Discussions regarding the future structure of Super League have been postponed until after the World Cup.
The Rugby Football League was due to present final plans to
reorganise the domestic game
But at a meeting of Super League clubs on Monday, organised by Wigan chairman Ian Lenagan, many voiced concern at the
new proposals set out in July.
In particular, there were worries that the restructure would weaken the financial position of Super League.
Under the new proposals, a new league comprising two divisions of 12 teams would be introduced from 2015, with automatic promotion and relegation returning in place of the current licensing system.
Super League structure changes
Super League established with 12 teams
Promotion and relegation introduced - Huddersfield are relegated while Widnes are promoted for the 2002 campaign
League expanded to 14 teams and licences - awarded on the basis of both on- and off-field considerations - introduced in place of straight promotion and relegation
Widnes - relegated in 2005 - are the only side successful in the second round of licence applications. They join the League as Welsh side Crusaders RL pull out
Top division to be reduced to 12 teams and automatic promotion and relegation to return
Championship clubs would also receive more central funding.
Although Championship clubs voted in favour of the new structure, it was thought the Super League clubs had also backed the plan - but Lenagan is unhappy that no vote was actually taken on the proposal and called for Monday's meeting to draw up a response.
He also feels that the RFL has not done enough to market the game and bring in additional income with the Super League having not received any sponsorship money for the last two years.
In addition, Lenagan wants Super League clubs to be given a greater say in the future direction of the sport, with representation on the currently independent board of directors.
The move is seen as a vote of no-confidence in the RFL and its chief executive Nigel Wood.
A statement from the RFL said:
"A majority of Super League clubs have indicated an interest in further consultation on the detail of the proposals in order to reach the best solution.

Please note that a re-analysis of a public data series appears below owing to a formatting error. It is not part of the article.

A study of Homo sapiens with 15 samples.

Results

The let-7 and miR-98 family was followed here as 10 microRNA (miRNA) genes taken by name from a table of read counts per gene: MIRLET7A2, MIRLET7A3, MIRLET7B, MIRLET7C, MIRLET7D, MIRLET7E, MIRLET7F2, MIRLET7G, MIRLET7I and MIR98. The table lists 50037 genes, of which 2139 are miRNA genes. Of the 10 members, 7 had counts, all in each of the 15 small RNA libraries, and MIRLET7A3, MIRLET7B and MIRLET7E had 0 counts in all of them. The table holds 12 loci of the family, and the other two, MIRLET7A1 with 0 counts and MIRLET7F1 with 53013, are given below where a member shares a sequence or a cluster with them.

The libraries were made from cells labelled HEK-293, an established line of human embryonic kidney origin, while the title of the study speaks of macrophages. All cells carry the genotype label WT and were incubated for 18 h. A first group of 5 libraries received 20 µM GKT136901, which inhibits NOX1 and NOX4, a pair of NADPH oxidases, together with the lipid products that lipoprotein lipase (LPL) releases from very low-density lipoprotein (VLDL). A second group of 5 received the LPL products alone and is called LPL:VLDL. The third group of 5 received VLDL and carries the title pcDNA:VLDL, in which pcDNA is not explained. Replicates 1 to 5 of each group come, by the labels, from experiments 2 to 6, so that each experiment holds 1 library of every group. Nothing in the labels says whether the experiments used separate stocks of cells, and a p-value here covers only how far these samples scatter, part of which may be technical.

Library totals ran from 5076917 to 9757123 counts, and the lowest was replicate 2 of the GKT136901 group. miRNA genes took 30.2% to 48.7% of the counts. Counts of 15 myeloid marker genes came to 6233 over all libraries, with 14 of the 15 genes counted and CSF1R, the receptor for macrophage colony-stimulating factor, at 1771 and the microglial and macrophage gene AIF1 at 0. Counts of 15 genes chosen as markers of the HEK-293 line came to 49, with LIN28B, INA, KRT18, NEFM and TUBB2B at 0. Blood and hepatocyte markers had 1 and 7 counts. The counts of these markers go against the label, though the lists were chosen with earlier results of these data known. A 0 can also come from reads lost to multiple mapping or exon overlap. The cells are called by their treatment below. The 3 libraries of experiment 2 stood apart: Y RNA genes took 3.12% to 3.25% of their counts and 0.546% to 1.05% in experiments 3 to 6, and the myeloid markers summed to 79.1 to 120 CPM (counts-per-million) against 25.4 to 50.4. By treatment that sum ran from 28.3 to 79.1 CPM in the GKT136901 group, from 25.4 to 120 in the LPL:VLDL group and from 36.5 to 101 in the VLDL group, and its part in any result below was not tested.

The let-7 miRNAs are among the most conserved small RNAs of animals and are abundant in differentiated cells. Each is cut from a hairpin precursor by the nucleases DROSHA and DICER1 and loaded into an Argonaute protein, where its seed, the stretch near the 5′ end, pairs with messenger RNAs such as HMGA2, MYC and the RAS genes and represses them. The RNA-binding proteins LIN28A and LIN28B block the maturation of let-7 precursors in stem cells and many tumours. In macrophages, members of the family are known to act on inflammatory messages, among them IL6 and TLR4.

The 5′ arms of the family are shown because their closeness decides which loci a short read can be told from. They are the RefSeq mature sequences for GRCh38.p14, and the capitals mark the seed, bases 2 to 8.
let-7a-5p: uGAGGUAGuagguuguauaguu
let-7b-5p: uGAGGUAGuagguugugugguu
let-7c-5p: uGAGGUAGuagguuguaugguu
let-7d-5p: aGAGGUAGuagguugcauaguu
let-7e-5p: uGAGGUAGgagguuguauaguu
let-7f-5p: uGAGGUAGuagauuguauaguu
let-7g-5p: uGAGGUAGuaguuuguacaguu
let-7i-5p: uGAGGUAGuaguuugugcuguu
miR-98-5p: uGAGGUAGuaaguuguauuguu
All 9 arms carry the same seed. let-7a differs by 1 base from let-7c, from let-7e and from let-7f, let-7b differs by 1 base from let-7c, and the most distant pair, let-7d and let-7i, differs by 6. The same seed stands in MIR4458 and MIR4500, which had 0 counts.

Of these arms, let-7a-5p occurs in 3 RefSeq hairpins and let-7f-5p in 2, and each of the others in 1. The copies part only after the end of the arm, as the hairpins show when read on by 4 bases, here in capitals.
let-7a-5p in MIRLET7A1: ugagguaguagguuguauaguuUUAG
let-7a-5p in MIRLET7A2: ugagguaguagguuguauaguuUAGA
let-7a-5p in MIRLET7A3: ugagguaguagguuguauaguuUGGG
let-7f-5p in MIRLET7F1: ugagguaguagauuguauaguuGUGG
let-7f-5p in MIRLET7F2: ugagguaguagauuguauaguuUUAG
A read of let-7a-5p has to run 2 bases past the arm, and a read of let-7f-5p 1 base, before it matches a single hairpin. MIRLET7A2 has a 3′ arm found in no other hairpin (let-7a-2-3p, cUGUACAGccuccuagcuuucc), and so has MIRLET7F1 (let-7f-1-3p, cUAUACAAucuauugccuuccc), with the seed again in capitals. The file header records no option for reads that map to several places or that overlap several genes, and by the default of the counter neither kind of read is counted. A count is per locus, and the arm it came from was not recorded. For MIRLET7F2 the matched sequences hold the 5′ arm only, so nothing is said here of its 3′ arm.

"These discussions will continue to positively progress but all parties involved are unanimous in their belief that the key focus for rugby league at this moment is staging a successful Rugby League World Cup 2013 and this should be the focus of the sport."
However, Leeds chief executive Gary Hetherington, who did not attend the "rebels"' meeting, confirmed the Rhinos would have backed the RFL recommendations had Wednesday's meeting gone ahead.
"Although there hasn't been a vote, clubs have expressed their preference so I would have expected the meeting to be a simple rubber-stamping of what has gone beforehand," Hetherington said.
Sheffield chairman Ian Swire, whose side have won the last two Championship Grand Finals and would have been promotoed to Super League but for the licensing system, is still hoping for the return of promotion and relegation from next year.
Swire, who also anticipated a rubber-stamping of the proposals at Wednesday's meeting, said his club were ready to back the RFL plan after initially favouring a league with four divisions of 10 teams.
"At the last meeting of Championship clubs in July, we voted for four 10s because we thought that was the sensible way to go, but we were outvoted 15-1 so we agreed to go along with the majority," he said.
"We thought it was a fait accompli and then we found out on Monday night the Super League clubs wanted a rethink. Why did they wait until now, just before the World Cup, to let their feelings be known?
"If there were rumblings of discontent they could have quashed it all in July if they didn't like it."
The World Cup, which is being hosted by England and Wales, starts on 26 October and ends with the final at Old Trafford on 30 November.